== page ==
Today, the European Commission has adopted the Guidelines on Good Manufacturing Practice (GMP) specific to Advanced Therapy Medicinal Products (ATMP), one of the initiatives of the Action Plan for ATMPs.
The new Guidelines, developed after extensive consultation with stakeholders, EMA and competent national authorities, adapt the GMP requirements to the specific characteristics of ATMPs and address novel scenarios such as decentralised manufacturing, automated production, and reconstitution of ATMPs. The Guidelines take a risk-based approach, allowing manufacturers some flexibility in their processes and control systems, depending on the level of risk. In addition, the Guidelines describe the traceability data that ATMP manufacturers should keep for 30 years in accordance with Article 15 of ATMP Regulation (EC/1394/2007).
The manufacturing of ATMPs poses unique challenges (e.g. limited availability and intrinsic variability of the starting materials, short shelf-life, very small batch sizes) and the application of GMP has been consistently identified as a problem for ATMP developers. The adaptations introduced in the GMP framework for ATMPs continue ensuring a high level of quality for ATMPs and a high level of patient protection. In addition, the Guidelines are expected to make a significant contribution to the development of these products and will provide increasing opportunities for patients to be enrolled in clinical trials with ATMPs in the EU.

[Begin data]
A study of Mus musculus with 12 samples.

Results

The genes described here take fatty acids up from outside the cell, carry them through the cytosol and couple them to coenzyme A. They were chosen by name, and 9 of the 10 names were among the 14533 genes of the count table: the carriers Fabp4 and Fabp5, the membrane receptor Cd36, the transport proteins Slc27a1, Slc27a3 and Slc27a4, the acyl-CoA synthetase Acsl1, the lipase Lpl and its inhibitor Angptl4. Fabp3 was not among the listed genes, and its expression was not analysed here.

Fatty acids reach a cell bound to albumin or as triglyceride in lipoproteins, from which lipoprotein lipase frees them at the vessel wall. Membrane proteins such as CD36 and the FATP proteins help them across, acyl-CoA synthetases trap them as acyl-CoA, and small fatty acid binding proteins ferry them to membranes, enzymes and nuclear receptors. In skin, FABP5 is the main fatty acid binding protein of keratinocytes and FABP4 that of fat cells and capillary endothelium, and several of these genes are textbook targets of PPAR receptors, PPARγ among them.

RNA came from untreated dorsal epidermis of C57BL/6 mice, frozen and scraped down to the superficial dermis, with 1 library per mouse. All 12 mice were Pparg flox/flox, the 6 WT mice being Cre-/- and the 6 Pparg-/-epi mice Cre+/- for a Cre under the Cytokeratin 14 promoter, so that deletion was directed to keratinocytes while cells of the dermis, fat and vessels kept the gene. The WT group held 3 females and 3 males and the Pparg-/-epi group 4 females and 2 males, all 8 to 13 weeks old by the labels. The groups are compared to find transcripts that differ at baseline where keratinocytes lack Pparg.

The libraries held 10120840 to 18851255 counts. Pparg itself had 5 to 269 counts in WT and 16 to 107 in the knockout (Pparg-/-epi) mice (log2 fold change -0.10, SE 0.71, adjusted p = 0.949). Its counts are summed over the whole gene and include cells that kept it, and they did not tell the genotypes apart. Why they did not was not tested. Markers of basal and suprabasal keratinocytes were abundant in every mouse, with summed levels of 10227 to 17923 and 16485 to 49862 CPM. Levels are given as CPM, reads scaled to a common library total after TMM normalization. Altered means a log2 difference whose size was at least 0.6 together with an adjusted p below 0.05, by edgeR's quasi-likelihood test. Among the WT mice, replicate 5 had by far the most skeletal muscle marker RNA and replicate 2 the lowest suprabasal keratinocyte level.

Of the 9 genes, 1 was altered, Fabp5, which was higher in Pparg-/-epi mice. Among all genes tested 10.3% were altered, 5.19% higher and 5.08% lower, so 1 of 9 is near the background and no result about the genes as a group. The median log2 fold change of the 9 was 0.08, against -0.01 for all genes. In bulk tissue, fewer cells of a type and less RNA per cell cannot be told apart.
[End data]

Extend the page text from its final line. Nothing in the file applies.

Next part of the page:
ATPMs are medical products for human use based on genes or cells that offer potentially ground-breaking opportunities for the treatment of injury and disease, particularly in cases of severe, untreatable or chronic diseases which do not respond adequately to conventional treatments.
In the EU, these products are governed by Regulation 1394/2007 on advanced therapy medicinal products (“ATMP Regulation”). The cornerstone of the Regulation is that a marketing authorisation must be obtained prior to the marketing of ATMPs. The evaluation of these products is led by a specialised committee within the European Medicines Agency (the Committee for Advanced Therapies - “CAT”) and the authorisation is granted by the European Commission. The ATMP Regulation also empowers Member States to permit the use of advanced therapies that have not been authorised by the Commission under certain conditions (so-called "hospital exemption").